Industry News 03:10:13PM Nov 01, 2019 Source:SMM

SHANGHAI, Nov 1 (SMM) – China is accelerating its pace to develop new energy vehicles as Beijing and major cities have announced action plans for the replacement of gas-powered taxis with electric cars in the next few years, a measure set to boost NEV sales and reduce pollution. 

Over the next two years, all newly registered or replacement taxis in Beijing have to be fully electric vehicles, according to the Beijing Municipality Transport Commission on October 30. 

It was reported that more than 1,000 brand new fully electric taxis have hit the road in Beijing so far. 

By the end of next year, nearly 20,000 taxis in Beijing will be switched to NEVs, exceeding 20% of the total number of taxis in the city.

Shenzhen, the technology hub in south China, has also taken the lead among major Chinese cities for the conversion of gas-powered taxi. Only fully electric vehicles will be registered as online ride-hailing taxis in Shenzhen from July 31. The city also aims to complete the transition of 100% electric taxies by the end of 2019, with 18,000 new charging piles in place.

Other Chinese cities including Guangzhou, Wuhan and Taiyuan also announced similar policies to promote new energy taxies. 

An industrial report focusing on petroleum consumption in China noted that the country is expected to completely phase out fossil fuel vehicles by 2050, with the public and special vehicle sectors to achieve this goal ahead of others. 

Hainan was the first province in China to release a timeline of banning sales of diesel or petrol vehicles. 

The electric car movement in China is also expected to improve NEV sales after a reduction in government subsidies and a cooling economy weigh on buying sentiment.

Shenzhen-based BYD, the biggest plug-in electric car manufacturer in China, saw weaker-than-expected sales in the NEV market and lower year-over-year profits of the company’s NEV business in the fourth quarter as demand remains sluggish.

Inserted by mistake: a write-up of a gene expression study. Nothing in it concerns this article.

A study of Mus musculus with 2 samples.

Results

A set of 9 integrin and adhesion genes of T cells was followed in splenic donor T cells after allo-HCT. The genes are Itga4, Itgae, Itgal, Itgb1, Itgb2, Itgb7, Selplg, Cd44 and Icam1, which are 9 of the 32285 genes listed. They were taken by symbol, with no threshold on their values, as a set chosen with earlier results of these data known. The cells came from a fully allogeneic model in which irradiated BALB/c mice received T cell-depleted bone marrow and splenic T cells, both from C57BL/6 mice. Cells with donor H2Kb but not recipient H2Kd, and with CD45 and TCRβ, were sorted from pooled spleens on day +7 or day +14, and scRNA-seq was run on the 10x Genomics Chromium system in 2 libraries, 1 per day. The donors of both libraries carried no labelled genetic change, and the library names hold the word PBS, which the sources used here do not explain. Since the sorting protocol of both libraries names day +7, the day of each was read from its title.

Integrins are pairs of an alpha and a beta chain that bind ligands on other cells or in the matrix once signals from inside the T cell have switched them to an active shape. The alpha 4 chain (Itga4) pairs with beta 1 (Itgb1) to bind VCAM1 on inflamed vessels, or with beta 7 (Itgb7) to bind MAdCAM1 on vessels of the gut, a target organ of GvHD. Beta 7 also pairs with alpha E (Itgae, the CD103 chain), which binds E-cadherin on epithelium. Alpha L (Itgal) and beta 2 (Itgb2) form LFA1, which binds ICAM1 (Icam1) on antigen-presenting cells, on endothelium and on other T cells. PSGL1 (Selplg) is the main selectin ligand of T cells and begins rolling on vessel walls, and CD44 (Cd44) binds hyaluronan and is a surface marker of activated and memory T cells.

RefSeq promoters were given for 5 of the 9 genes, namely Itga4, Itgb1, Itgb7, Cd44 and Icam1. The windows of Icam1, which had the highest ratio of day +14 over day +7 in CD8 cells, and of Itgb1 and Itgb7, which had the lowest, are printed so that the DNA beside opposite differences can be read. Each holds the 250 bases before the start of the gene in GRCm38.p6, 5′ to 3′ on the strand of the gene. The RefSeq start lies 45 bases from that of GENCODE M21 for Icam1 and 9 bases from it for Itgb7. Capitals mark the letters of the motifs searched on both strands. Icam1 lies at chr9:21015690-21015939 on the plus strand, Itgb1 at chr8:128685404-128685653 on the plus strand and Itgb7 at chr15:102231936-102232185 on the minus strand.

China to accelerate the shift to electric taxis

Industry News 03:10:13PM Nov 01, 2019 Source:SMM

SHANGHAI, Nov 1 (SMM) – China is accelerating its pace to develop new energy vehicles as Beijing and major cities have announced action plans for the replacement of gas-powered taxis with electric cars in the next few years, a measure set to boost NEV sales and reduce pollution. 

Over the next two years, all newly registered or replacement taxis in Beijing have to be fully electric vehicles, according to the Beijing Municipality Transport Commission on October 30. 

It was reported that more than 1,000 brand new fully electric taxis have hit the road in Beijing so far. 

By the end of next year, nearly 20,000 taxis in Beijing will be switched to NEVs, exceeding 20% of the total number of taxis in the city.

Shenzhen, the technology hub in south China, has also taken the lead among major Chinese cities for the conversion of gas-powered taxi. Only fully electric vehicles will be registered as online ride-hailing taxis in Shenzhen from July 31. The city also aims to complete the transition of 100% electric taxies by the end of 2019, with 18,000 new charging piles in place.

Other Chinese cities including Guangzhou, Wuhan and Taiyuan also announced similar policies to promote new energy taxies. 

An industrial report focusing on petroleum consumption in China noted that the country is expected to completely phase out fossil fuel vehicles by 2050, with the public and special vehicle sectors to achieve this goal ahead of others. 

Hainan was the first province in China to release a timeline of banning sales of diesel or petrol vehicles. 

The electric car movement in China is also expected to improve NEV sales after a reduction in government subsidies and a cooling economy weigh on buying sentiment.

Shenzhen-based BYD, the biggest plug-in electric car manufacturer in China, saw weaker-than-expected sales in the NEV market and lower year-over-year profits of the company’s NEV business in the fourth quarter as demand remains sluggish.